Maple Leafs ink Kerfoot, Ceci to extensions
Toronto Maple Leafs general manager Kyle Dubas has done a great job of creating cap space for his team, and it’s allowed him to re-sign a pair of trade acquisitions in Alex Kerfoot and Cody Ceci.
Per TSN’s Darren Dreger, Kerfoot has inked a four-year, $14 million extension ($3.5 million AAV) with the club and Ceci has signed a one-year, $4.5 million contract. Before these two deals were handed out, the Leafs had just over $11 million in cap space. Once these two contracts are made official, they’ll be down to roughly $3.765 million in cap space.
Kerfoot is expected to serve as the third line center for the Leafs heading into this year. Last year, that spot was occupied by Nazem Kadri, who made $4.5 million per year, so there’s a $1 million savings there. As for Ceci, he’ll serve as a replacement for Nikita Zaitsev, who was also making $4.5 million but on a long-term contract. So even though there’s no cap relief this year, there could be some coming in the near future.
The Leafs, of course, still have one more player they need to re-sign and he’s going to be expensive too. So what kind of money to they have left over for Mitch Marner?
We mentioned the $3.765 million in cap space they currently have, but that number will increase once they put Nathan Horton’s $5.3 million cap hit on long-term injured reserve. That puts them back close $9 million in available cap space.
Including Kerfoot and Marner, Toronto has 14 forwards under contract. They’ll likely be sending at least one of those extra bodies down to the minors, which means another $700,000 could be coming off the books. They also have eight defenseman on the roster, so they can opt to carry seven guys if they wanted to.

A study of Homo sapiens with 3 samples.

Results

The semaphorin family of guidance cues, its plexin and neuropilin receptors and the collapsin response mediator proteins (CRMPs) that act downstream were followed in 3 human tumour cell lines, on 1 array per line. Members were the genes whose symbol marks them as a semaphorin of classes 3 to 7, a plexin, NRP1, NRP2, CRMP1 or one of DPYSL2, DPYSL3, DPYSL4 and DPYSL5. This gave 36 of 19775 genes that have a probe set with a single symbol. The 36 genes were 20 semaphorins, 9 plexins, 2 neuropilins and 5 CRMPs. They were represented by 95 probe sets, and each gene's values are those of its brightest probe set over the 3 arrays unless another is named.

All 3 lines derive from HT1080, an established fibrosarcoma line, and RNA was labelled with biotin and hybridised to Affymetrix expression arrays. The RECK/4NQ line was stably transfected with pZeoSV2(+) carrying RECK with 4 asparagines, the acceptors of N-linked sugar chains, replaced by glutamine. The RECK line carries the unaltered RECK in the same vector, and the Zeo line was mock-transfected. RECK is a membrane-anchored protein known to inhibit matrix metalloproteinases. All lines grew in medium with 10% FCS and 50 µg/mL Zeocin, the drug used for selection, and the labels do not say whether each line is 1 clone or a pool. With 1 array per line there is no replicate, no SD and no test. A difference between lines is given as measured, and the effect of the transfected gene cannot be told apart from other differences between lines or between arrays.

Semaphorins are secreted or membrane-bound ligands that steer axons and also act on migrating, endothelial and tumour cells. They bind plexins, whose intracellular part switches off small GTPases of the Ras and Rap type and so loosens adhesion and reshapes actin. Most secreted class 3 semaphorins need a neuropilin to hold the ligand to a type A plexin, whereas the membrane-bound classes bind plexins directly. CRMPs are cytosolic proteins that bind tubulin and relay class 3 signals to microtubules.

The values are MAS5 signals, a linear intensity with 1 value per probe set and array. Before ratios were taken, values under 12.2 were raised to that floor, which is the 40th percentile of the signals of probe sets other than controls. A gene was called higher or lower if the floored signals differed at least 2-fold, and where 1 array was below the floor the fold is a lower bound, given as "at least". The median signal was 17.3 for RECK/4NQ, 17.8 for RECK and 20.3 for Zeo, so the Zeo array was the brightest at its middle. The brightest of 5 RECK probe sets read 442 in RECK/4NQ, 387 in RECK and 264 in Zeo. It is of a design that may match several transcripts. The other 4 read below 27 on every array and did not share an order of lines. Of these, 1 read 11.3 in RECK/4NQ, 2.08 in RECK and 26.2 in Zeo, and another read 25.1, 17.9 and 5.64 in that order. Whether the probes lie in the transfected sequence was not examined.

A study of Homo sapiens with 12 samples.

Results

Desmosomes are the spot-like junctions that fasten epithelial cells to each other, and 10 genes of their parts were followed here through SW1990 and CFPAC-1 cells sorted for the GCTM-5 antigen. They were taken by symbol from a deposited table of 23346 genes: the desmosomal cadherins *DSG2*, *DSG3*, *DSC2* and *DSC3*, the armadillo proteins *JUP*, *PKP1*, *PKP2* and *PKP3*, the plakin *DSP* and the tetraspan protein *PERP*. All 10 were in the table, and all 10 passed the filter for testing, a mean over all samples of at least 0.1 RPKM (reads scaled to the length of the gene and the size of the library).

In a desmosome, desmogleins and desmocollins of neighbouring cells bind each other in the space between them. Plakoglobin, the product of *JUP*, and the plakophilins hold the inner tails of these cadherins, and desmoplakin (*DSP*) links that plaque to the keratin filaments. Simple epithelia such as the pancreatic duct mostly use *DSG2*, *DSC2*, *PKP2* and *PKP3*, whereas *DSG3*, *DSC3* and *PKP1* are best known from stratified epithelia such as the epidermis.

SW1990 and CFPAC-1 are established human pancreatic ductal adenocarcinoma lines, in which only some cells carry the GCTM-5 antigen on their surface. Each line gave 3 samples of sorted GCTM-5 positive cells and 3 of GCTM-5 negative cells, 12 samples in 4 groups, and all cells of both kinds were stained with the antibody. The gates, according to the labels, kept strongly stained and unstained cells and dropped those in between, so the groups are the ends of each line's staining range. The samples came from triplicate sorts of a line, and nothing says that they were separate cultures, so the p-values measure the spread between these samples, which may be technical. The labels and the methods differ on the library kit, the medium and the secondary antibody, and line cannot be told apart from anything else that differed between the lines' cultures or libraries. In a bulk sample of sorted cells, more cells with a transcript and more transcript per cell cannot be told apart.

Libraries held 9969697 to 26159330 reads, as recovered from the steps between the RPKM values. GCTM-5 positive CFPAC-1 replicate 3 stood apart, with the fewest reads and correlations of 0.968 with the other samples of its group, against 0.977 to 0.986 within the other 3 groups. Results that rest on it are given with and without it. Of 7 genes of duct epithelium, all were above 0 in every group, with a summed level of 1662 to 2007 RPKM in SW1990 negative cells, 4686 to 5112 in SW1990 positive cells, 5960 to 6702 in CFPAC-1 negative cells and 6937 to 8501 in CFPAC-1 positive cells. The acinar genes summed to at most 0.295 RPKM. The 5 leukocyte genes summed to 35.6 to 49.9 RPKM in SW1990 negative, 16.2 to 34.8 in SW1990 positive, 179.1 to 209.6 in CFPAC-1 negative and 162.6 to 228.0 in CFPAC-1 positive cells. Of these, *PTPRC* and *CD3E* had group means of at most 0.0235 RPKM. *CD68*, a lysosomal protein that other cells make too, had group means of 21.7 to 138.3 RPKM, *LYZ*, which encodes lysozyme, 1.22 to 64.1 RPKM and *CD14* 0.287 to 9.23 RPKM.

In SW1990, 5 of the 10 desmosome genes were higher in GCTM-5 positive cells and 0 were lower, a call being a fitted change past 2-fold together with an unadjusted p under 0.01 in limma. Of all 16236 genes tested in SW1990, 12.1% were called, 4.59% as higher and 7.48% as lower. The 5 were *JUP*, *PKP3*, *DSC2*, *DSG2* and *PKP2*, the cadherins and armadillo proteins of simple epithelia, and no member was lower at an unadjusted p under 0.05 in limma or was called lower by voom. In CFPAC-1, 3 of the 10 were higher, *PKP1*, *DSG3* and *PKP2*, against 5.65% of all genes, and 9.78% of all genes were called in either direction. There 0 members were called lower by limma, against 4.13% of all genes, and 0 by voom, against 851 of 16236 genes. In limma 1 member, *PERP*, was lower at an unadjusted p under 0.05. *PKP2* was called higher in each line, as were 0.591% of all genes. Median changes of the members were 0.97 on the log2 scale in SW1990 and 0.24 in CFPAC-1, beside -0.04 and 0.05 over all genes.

[ProHockeyTalk’s 2019 NHL free agency tracker]
So let’s recap the cap situation:
The Leafs currently have $3.765 million available to spend. They’ll put Nathan Horton’s $5.3 million hit on LTIR ($9.065 million in available space after that move is made). They can also send two players making roughly $700,000 each to the AHL without them counting on the cap. That would give them $10.465 million in available funds to spend on Marner. Will that be enough? No one can say for sure, but it’s in the ball park.
The team will look different when it hits the ice next year, but we always knew that was going to be the case because of the salaries they already had on the books. Dubas has done a good job of improving the roster as a whole while leaving himself some money to play with to make sure he could bring back key parts, too.
Now they just have to iron a contract out with Marner.